In July 2016, I took a commercial airline that happened to fly over Afghanistan en route to London from Delhi.
I remember sitting comfortably only moments before, almost asleep in my seat, when suddenly a voice came over the PA system informing us we would likely be experiencing turbulence. We were about to fly over mountainous terrain near Kabul, Afghanistan.
Wait… what? Did they just say Afghanistan…? I shrieked to myself. Now wide-awake, I felt my heart begin to pound in my chest, louder than an African drum. I proceeded to tighten my seatbelt and adjust the clasp in record time.
I’ll give the airline credit – we were gliding effortlessly over the mountains at a very high altitude (38,000 feet, to be exact), yet I distinctly remember being frozen with fear the moment I learned where we were.
Like many people around the world, I had bought into the sensationalism created by the mass media, especially when it came to places or countries in the Middle East with a perceived stigma such as Afghanistan.
Yet just as quickly as fear arrived, a feeling of curiosity unexpectedly replaced it. I found myself reaching over and opening the window shade beside me.
As I did this, I saw cloud formations lining the mountainous landscape that seemed to stretch on forever. Instead of being overwhelmed with thoughts about the potential threats that lingered below, I found myself wondering about the Afghani people who lived there.
The everyday men, women, and children who resided in and around Kabul, as well as the far-flung stretches of this war-torn country.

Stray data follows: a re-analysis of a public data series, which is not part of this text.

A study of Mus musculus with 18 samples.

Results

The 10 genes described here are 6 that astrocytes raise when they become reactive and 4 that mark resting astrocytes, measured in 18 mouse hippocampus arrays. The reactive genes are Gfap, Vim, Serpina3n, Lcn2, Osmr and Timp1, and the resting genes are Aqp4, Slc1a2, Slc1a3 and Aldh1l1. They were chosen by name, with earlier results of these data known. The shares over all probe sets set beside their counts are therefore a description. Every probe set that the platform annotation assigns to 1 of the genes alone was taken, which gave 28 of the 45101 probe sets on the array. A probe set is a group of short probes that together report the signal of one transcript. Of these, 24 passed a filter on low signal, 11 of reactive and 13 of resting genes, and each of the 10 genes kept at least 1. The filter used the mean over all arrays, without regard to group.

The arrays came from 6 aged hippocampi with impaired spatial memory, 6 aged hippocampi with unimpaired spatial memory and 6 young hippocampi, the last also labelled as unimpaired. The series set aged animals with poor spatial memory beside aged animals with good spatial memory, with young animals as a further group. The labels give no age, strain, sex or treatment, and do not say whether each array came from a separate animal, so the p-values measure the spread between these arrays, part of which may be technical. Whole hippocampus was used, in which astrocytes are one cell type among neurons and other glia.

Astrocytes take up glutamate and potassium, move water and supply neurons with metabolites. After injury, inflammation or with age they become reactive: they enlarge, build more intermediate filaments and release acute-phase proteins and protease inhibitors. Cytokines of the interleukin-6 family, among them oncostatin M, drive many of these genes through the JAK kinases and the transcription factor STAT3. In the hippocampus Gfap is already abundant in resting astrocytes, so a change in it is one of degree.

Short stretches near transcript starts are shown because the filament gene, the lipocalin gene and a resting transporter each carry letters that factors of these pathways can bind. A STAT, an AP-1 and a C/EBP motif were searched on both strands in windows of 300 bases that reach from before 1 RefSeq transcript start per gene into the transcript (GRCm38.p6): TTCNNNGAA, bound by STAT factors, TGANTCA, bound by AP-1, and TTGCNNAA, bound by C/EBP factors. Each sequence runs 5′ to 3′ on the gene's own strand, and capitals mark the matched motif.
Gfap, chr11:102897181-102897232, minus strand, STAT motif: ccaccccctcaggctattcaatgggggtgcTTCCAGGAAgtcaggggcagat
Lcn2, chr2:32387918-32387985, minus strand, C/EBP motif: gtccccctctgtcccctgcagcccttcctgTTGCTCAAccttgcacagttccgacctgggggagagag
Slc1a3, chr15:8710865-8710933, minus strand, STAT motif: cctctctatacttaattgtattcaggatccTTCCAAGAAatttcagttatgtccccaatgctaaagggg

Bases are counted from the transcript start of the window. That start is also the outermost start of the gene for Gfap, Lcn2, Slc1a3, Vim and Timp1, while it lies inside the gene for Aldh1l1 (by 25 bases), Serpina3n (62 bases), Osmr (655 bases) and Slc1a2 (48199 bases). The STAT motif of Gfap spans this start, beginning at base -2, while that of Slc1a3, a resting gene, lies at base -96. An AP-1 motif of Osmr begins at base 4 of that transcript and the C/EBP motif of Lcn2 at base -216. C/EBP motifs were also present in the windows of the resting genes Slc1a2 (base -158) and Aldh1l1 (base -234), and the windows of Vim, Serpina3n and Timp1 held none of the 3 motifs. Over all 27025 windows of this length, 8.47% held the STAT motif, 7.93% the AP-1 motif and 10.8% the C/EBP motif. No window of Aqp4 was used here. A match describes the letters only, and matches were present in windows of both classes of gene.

Every single day they undoubtedly lived in a state of perpetual fear, yet every day they also had a choice to live in the hope of possibility – the hope that one day soon things would get better.
I slowly closed the window shade, panged with the realization of my innate privilege that so many others lacked. I reflected on the fact that I was seated on an airplane flying over this region (unlike those who were on the ground, living daily among the terror and warfare).
I was grateful to be able to catch a small glimpse of Afghanistan’s rugged beauty. Although the moment was short lived, I was in awe, it was truly breathtaking.
I have since learned about the warmth of the everyday Afghani people. Their hospitality is said to be just as beautiful as the country’s rugged landscapes, and one day I hope to be able to experience this firsthand.
The more we wander out and explore our magical world (or life itself), the more we’re likely to be faced with uncertain moments. (In fact, it’s guaranteed that we certainly will.)
And while I’m not advocating that we intentionally send ourselves to war-torn countries or places of perceived imminent danger, it’s important for us to realize that wherever we are in the world, life is truly operating like a mirror.
Life will continually reflect back to us (and show us) whatever we are choosing to see.
Our job is to be aware during these moments of hesitation and to consciously choose to consider the possibilities that lay before us, instead of succumbing to our fears each and every time.
By doing so, we ensure that we are open and available to experience the truly magical countries, cultures, and people of our remarkable world.